Hanover — Dartmouth College has reached a settlement with a couple whose well was contaminated by chemicals from the school’s former dump site for laboratory animals, putting to rest the threat of a federal lawsuit against the college from the family.
Dartmouth says it will purchase the Higgins family home at 9 Rennie Road, near the Rennie Farm burial site in northern Hanover. Neither side would disclose the total dollar amount of the settlement.
The college also will pay compensation for the family’s emotional distress and create a health maintenance trust fund for Deb and Richard Higgins, who have reported ill health effects that they attribute to drinking contaminated water.
“When we found out ... that Dartmouth had come to an agreement, it immediately lifted the weight off of us,” Deb Higgins said in a telephone interview on Wednesday. “It’s huge. This is a big deal. The amount of stress that we’ve been under — it’s — I don’t know how you say it. We can breathe.”
The Higginses, represented by Norwich attorney Geoffrey Vitt and Weathersfield attorney Anthony Roisman, previously had threatened to bring suit in U.S. District Court in Concord under a federal law that allows private citizens to pursue polluters.
This puts an end to that potential case, according to their paralegal, Sarah Nunan. “This allows the Higginses to move on with their lives,” she said.
Diana Lawrence, a Dartmouth spokeswoman, framed the benefits in a similar way.
“This will allow the Higginses to move on with their lives in a new location,” she said. “It will also allow Dartmouth to continue to work on treatment and remediation of the Rennie Farm site, in conjunction with the New Hampshire Department of Environmental Services, and the implementation of the value assurance program being offered to residents in the area.”
Ever since Dartmouth discovered a chemical called 1,4-dioxane in the Higginses’ drinking well in late 2015, the college has been running a filtration system to clean their water. Dartmouth also has offered medical advice and access to a new drinking water system that it is installing on the Rennie Farm property.
The Environmental Protection Agency classifies 1,4-dioxane, a chemical used in industrial and household cleaners and solvents, as a “likely human carcinogen.”
The Higginses said they experienced health problems — dizziness, sores on their skin — that disappeared when they stopped using their well water. The chemical appeared in the family’s water supply at about twice the state standard for ambient water quality.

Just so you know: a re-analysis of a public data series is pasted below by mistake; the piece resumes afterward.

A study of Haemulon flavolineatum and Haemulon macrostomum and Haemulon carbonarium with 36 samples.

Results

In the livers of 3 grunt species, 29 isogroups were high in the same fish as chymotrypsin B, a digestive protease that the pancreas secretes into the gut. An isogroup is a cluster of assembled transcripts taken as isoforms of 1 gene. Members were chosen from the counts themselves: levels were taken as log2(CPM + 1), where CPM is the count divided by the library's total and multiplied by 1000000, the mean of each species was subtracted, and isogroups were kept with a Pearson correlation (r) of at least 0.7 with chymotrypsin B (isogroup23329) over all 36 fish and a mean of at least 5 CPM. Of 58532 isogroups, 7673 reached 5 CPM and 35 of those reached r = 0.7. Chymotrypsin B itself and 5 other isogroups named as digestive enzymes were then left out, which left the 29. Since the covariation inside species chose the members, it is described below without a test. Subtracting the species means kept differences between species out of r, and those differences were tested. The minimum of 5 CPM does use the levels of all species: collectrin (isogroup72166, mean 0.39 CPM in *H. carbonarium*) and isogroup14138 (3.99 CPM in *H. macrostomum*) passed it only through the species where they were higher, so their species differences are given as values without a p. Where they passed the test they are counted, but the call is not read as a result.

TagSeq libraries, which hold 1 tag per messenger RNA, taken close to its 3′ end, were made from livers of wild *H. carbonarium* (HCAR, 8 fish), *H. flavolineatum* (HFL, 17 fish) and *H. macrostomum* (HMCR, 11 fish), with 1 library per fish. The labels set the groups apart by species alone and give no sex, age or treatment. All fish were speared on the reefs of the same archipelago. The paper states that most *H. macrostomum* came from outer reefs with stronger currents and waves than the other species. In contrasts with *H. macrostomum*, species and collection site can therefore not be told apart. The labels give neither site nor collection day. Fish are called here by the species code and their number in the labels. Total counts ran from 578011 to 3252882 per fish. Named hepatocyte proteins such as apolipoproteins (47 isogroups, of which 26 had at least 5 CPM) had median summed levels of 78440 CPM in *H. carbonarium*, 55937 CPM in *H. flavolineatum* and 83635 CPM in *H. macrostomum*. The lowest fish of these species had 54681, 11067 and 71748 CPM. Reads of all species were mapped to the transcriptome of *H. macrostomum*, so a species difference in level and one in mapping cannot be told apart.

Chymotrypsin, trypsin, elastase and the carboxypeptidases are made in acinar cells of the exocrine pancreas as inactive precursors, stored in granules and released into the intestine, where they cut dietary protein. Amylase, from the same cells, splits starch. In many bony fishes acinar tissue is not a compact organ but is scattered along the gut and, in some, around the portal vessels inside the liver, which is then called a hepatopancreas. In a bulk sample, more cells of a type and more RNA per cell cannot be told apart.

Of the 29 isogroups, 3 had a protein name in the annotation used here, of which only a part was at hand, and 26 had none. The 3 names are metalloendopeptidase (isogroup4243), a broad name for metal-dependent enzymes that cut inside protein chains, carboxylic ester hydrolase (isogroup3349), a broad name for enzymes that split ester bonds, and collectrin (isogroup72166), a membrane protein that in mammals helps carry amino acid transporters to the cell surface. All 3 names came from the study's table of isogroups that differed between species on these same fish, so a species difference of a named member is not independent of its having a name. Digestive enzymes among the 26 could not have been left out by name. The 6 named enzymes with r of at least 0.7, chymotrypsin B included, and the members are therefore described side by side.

Dartmouth, in its response to a letter from the family’s attorneys threatening the federal suit, denied that the contamination was responsible.
The 1,4-dioxane is believed to have spread from the site where Dartmouth’s medical school in the 1960s and ’70s dumped thousands of pounds of animal carcasses that had been used in radiological experiments.
Dartmouth in February launched a “value assurance program” to prop up the real estate market around the waste site that allows homeowners to apply for reimbursement if they have to sell their property below value or can’t find a buyer at all.
Ellen Arnold, an attorney who serves as Dartmouth’s director of real estate, said she had received positive feedback from Realtors, lenders and landowners so far, though there have been no closings yet.
Not counting the Higgins home, four properties are close to selling, she said on Wednesday.
Residents of the wider area around Rennie Farm, however, have questioned why the value assurance program allows only a limited number of homeowners to apply for compensation.
The neighbors have been working to retain a lawyer from a major New York City environmental firm to negotiate with Dartmouth about expanding the program and to explore the possibility of litigation.
“My first thought is that I’m very relieved and happy for the Higginses,” said Peter Spiegel, an emeritus Dartmouth faculty member who co-chairs the “North Hanover/Lyme Steering Committee,” as the residents call themselves. “They deserved to be treated well — without the extensive hassle.”
Spiegel said it was too soon to tell how the settlement may or may not affect the neighbors’ case, and noted that one of their objectives was to obtain fair compensation for the Higginses, as well.
Last year, talks with Dartmouth to relocate the Higginses stalled and then went to mediation. Nunan said that an additional round of mediation, on April 5 of this year, finally yielded results.
Arnold said that the payouts do not mean that Dartmouth believes the waste site caused the Higginses harm.
“As is typical of most settlements, there’s no admission of liability,” she said.
None of the parties involved in the case would discuss the size of the settlement, but Deb Higgins said it was large enough for the couple to buy land and build a house somewhere else.
The town assessor valued the family’s 3.7 acres and home at 9 Rennie Road at $282,000 in 2015, according to municipal records.
Deb Higgins grew up near Rennie Farm. Her husband, Richard, works nearby as a contractor and carpenter. Higgins said she and her husband want to stay in the area, both in order to be close to their jobs and to her parents, Don and Alinda Roberts, who live next door and are not planning to move.
The Higginses are looking both in Hanover and elsewhere.
“It’s definitely not going to be Rennie Road,” she said.
Rob Wolfe can be reached at email@example.com or 603-727-3242.